Abuse of Power in New Jersey Casts a Shadow Over Governor Christie There is nothing worse then getting stuck in traffic on the George Washington Bridge- except when it’s the first day of school and you are stuck there for hours on end. The Fort Lee lane closure scandal, also known as Bridgegate, occurred between Sept. 9 and 12, 2013, when two toll lanes for the entryway were closed to local traffic from Fort Lee and neighboring areas. The lanes were used instead for traffic from state and interstate expressways, before the morning rush hour. This resulted in major backups in the city of Fort Lee. The orders were handed down directly by David Wildenstein and Bill Baroni, both of whom told the New Jersey Assembly Transportation Committee that the closures had been for a traffic study. Safety issues aside, the reason this has become such a huge scandal is because no one can seem to figure out if Gov. Christie knew about it or not. Christie’s Deputy Chief of Staff, Bridget Anne Kelley, who was eventually fired, had emailed Wildenstein saying that it was time for some traffic problems in Fort Lee. The motive behind this email and the lane closures is purportedly political retribution against Christie’s political opponents, specifically, Fort Lee Mayor, Mark Sokolich, who did not support Christie in the 2013 New Jersey gubernatorial election. Various internal communications including emails and text messages use ethnic slurs when referring to the Mayor, who is Croatian-American. On Sept. 13, Patrick Foye, executive director of the Port Authority ordered the lanes re-opened in a strongly worded email to Senior Port Authority staff, saying that the closure was not only a policy violation, but it also violated Federal law and the laws of both New York and New Jersey.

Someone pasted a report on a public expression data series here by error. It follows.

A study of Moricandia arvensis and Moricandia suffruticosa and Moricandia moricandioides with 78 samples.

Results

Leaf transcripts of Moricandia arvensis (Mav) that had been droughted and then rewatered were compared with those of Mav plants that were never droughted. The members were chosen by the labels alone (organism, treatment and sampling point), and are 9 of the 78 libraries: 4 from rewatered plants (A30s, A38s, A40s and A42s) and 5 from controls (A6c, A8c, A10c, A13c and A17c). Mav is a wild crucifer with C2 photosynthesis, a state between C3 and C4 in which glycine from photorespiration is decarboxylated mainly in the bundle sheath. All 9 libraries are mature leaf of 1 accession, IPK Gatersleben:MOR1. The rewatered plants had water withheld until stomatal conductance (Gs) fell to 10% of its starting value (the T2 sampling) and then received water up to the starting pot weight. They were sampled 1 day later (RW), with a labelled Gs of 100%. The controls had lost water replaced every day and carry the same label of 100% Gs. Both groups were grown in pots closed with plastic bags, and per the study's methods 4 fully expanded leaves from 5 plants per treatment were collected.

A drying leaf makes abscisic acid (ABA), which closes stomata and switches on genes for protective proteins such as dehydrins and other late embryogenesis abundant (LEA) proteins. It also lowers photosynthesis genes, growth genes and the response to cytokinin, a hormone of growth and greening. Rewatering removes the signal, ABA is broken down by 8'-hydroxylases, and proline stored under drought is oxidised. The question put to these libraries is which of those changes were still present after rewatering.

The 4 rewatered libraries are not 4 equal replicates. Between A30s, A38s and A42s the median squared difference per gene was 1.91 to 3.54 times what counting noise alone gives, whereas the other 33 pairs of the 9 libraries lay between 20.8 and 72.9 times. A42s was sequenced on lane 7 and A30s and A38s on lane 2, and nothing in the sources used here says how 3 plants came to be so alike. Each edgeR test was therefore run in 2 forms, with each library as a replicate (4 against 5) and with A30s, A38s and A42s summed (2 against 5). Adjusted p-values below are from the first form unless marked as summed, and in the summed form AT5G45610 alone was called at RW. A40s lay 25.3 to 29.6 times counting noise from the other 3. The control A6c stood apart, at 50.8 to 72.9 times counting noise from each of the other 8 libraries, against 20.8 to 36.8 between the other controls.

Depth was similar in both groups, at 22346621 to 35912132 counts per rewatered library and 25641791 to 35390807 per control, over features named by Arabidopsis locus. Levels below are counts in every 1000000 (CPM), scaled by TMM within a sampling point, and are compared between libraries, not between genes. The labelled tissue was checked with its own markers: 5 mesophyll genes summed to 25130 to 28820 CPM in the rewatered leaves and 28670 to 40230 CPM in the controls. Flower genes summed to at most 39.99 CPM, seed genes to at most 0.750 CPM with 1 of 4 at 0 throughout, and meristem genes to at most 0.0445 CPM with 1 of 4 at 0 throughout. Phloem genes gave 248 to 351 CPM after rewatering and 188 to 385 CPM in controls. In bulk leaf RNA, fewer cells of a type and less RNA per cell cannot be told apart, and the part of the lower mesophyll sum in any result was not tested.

According to The New York Daily News, Gov. Christie said, “‘The most important issue is, did I know anything about the plan to close these lanes, did I authorize it, did I know about it, did I approve it, did I have any knowledge of it before-

hand. And the answer is still the same: It’s unequivocally no.” He continues by keeping with his original statement that he was told that the Port Authority was engaged in a traffic study. Pages and pages of communications and internal documents are still being turned over and combed through, and despite some evidence that Christie may have been privy to Bridegate, he categorically denies it. Only time will tell.

Unfortunately, this was not the only scandal to rock the state of New Jersey and its Governor. In another major abuse of power, Hoboken Mayor Dawn Zimmer, claimed that Gov. Christie withheld Hurricane Sandy relief funds in an attempt to persuade her to approve a development plan that clearly favored one property developer. According to The Huffington Post, Gov. Christie is also “facing a federal probe into whether he misused federal relief funds after Hurricane Sandy.” The investigation is looking into whether or not Gov. Christie misappropriated $25 million of Sandy relief money to boost tourism with ads starring he and his family after the horrific storm devastated coastal New Jersey. According to CNN, “Christie's office said the ‘Stronger than the Storm’ campaign was part of an ‘action plan’ approved by the Obama administration and developed with the goal of showing that the New Jersey shore was open for business just several months after the storm.” Gov. Christie is still being investigated in all three incidents, and though he may be able to point the finger of blame at others, his name will be forever tarnished. If nothing else, the scandal has diminished his chances of being chosen to run for president as the Republican candidate in the next federal election cycle come 2016.